The Michigan Climate Action Network conducted a press conference about their newly released report on Tuesday, March 22. Tim Werner (top right) said he wants to work with energy providers to keep Michigan green, but he needs their help.

Cities in Michigan are moving towards green energy to reach Michigan’s climate goal of being carbon neutral by 2050, but some city commissioners say this might not be feasible if energy providers don’t play ball.

A new report from Michigan Climate Action Network released on March 22. It highlights cities in Michigan that are taking steps toward carbon neutrality or renewable energy.

During a press conference, Traverse City Commissioner Tim Werner said when he approached Consumers Energy to decrease carbon usage, their power plant just switched from coal to fossil fuels.

“Local communities like ours need the freedom to move quickly to renewable energy sources," he said. "It will also reduce dangerous pollution in our air and water, protect the Great Lakes, and improve the health and safety of our residents across the state.”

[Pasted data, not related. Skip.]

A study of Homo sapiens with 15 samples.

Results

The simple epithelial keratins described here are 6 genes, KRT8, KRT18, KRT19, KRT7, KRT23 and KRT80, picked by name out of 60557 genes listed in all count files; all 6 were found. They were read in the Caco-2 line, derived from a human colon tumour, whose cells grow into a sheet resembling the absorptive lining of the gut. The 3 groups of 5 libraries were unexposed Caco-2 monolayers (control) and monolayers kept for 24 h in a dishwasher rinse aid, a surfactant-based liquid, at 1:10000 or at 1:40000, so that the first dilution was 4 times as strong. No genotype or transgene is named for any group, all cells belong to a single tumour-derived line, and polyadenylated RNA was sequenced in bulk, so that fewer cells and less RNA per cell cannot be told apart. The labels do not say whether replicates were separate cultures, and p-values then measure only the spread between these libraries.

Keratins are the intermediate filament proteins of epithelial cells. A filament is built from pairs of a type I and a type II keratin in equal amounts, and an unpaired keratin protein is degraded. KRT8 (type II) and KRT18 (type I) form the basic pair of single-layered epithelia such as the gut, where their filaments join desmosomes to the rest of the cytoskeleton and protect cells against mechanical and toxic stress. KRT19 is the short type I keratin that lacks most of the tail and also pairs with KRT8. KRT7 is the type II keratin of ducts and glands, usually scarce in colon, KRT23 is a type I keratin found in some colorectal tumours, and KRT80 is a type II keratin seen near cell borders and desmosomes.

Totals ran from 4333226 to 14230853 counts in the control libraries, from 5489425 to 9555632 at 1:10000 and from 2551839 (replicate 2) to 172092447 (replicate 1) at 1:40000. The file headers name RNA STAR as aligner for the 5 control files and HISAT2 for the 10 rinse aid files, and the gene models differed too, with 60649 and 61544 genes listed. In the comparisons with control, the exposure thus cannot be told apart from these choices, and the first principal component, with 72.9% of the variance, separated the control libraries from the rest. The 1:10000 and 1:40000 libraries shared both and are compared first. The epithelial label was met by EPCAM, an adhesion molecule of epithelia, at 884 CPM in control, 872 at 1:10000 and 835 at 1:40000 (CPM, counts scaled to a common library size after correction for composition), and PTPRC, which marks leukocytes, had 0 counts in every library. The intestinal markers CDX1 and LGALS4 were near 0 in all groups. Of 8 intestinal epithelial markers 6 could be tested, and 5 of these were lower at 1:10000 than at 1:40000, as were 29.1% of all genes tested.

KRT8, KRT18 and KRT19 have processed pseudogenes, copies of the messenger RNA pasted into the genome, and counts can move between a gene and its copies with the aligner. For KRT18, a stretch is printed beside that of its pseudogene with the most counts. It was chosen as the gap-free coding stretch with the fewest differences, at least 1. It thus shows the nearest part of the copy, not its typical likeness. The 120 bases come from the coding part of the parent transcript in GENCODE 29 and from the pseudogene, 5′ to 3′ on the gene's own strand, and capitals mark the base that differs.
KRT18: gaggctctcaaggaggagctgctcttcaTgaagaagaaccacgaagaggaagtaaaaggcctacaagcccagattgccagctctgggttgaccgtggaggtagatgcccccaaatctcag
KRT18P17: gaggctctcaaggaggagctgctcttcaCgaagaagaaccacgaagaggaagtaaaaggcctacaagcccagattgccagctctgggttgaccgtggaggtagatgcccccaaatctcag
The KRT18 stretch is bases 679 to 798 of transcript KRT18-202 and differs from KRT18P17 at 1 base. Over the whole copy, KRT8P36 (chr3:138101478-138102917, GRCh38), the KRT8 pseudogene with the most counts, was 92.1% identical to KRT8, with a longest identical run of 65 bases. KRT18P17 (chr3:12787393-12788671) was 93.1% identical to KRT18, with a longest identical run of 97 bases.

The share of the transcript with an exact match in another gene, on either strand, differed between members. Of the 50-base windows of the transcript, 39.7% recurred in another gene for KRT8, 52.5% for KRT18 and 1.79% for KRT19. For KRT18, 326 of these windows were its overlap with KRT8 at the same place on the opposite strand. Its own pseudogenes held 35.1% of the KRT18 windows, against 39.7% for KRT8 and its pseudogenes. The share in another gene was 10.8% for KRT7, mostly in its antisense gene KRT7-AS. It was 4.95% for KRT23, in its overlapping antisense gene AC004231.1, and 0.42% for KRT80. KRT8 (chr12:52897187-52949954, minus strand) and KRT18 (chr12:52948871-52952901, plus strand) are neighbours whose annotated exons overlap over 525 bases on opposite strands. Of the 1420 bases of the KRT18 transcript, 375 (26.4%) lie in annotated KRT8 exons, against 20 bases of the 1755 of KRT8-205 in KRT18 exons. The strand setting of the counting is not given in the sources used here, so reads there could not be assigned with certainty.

Werner wants to work with utility companies to make carbon neutrality in his city a reality, he said.

"Local communities are at the forefront–even ahead of the game–when it comes to addressing the climate crisis. But we can’t go it alone," Werner said.

A Consumers Energy plans to end coal use by 2025 and have net zero carbon emissions by 2040, spokesperson Josh Paciorek said. The company met with community leaders including Traverse City about solar power and going green.

DTE Energy did not comment, but they want to be carbon neutral by 2050, according to their website.